South Korean President Yoon Suk-yeol Visits Japan to Strengthen Relations
On Thursday, South Korean President Yoon Suk-yeol arrived in Tokyo for a summit with Japanese Prime Minister Fumio Kishida, signaling a significant warming of long-strained relations between the two countries. It is the first visit by a South Korean leader to Japan in 12 years. The urgency of the regional security situation, highlighted by North Korea’s launch of a long-range ballistic missile that landed in the sea between the Korean peninsula and Japan shortly before Yoon’s arrival, has pushed the two countries closer together.
Yoon and Kishida acknowledge that the deteriorating geopolitical situation necessitates Japan and South Korea to collaborate more closely. The two countries have embraced trilateral security cooperation with the United States to an unprecedented degree, and are now aiming to stabilize their relationship with each other. Yoon has described Tokyo as a “partner that shares universal values with us”, and called for trilateral cooperation between South Korea, Japan, and the US “to overcome the serious nuclear threats posed by North Korea”.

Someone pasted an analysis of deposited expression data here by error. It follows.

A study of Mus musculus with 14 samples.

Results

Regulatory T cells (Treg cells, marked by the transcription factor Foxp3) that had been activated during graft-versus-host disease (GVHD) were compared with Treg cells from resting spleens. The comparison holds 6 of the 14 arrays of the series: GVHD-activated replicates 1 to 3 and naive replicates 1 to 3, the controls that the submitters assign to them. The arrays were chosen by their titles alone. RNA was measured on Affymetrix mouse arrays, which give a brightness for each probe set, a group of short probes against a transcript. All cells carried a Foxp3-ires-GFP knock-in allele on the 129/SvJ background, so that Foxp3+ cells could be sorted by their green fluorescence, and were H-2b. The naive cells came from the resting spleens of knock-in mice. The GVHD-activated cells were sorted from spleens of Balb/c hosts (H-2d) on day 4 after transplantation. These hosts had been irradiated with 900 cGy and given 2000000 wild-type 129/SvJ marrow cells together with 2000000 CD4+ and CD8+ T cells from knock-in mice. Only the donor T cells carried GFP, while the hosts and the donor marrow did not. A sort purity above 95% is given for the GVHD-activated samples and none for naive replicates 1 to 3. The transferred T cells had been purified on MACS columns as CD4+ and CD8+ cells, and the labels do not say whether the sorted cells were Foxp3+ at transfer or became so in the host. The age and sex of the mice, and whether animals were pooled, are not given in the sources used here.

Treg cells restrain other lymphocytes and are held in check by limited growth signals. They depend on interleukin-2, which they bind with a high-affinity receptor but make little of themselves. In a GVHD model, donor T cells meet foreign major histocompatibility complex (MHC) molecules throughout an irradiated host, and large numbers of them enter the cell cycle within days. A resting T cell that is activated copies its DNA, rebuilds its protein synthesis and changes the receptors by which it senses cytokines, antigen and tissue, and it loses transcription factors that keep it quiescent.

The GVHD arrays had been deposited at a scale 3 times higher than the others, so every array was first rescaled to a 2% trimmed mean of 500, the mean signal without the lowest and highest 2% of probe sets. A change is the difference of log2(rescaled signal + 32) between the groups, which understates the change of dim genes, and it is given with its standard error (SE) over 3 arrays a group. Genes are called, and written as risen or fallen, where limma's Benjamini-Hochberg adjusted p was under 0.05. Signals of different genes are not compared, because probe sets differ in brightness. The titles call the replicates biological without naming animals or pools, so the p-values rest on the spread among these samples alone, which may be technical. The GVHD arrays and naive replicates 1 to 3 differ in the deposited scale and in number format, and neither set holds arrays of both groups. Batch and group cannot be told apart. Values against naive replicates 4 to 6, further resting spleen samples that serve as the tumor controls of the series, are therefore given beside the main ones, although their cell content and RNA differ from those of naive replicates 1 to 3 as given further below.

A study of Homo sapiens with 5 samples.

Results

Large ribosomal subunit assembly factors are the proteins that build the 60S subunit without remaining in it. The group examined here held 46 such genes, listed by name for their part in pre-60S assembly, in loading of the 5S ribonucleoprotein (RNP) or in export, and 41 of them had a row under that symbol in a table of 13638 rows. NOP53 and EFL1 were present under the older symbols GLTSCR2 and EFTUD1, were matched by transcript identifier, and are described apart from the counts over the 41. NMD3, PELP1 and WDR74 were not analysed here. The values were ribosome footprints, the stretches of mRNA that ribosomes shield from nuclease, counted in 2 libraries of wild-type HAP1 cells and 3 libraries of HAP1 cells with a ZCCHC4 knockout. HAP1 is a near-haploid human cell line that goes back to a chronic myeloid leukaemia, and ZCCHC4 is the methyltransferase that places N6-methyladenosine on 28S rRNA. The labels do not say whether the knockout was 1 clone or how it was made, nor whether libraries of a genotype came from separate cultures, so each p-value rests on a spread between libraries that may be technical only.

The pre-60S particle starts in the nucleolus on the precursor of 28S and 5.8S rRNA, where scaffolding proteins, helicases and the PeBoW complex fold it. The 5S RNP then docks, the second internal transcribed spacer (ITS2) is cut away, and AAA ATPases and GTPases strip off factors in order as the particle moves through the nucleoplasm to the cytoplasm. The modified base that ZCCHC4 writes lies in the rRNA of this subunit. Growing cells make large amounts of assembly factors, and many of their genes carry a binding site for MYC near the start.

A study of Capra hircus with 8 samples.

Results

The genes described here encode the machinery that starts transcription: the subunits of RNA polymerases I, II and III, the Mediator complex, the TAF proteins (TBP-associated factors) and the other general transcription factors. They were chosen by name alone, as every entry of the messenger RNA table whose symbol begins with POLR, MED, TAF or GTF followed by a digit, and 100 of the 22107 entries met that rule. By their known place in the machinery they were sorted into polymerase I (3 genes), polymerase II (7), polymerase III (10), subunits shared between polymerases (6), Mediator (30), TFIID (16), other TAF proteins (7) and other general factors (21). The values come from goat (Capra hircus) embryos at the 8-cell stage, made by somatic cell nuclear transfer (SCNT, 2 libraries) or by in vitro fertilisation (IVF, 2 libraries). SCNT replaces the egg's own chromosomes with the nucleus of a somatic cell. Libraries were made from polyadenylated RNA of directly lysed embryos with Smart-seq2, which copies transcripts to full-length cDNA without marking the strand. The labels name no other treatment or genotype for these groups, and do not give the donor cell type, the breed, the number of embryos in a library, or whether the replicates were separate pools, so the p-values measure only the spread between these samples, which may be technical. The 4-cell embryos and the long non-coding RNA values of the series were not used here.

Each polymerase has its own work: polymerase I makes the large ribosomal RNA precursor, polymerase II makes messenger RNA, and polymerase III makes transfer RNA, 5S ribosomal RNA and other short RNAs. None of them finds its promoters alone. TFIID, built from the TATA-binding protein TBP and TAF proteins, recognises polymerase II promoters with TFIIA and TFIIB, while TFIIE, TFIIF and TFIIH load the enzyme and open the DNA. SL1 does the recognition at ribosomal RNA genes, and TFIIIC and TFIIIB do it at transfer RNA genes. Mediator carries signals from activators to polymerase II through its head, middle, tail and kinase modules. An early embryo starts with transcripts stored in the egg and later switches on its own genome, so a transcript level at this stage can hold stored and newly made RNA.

Yoon and Kishida discussed a number of issues, including South Korean court rulings that ordered two Japanese firms to pay reparations to 15 people forced to work in their factories during World War II, Chinese military activity and disruption to the supply chain, and North Korea’s nuclear weapons programme. Yoon’s government offered Japan concessions on the reparations issue, proposing to compensate the laborers through a Korean foundation.
However, there is still a lot of opposition to Yoon’s proposal in South Korea. A Gallup opinion poll showed that nearly 60 percent of South Koreans are opposed to it, and anti-government protests have erupted in which people decried the government’s plan as “foolish” and “humiliating”. The poll also showed that 57% of Japanese supported the compensation scheme.
Kishida and Yoon held a joint news conference after the summit, and will be followed by a dinner. Kishida plans to take Yoon to some of the restaurants in Tokyo's Ginza district to enjoy “omurice”, a fried rice dish topped with an omelette, which is a favourite of the South Korean president.
Yoon and Kishida have pledged to cooperate on security challenges and to resume reciprocal visits and normalize intelligence sharing.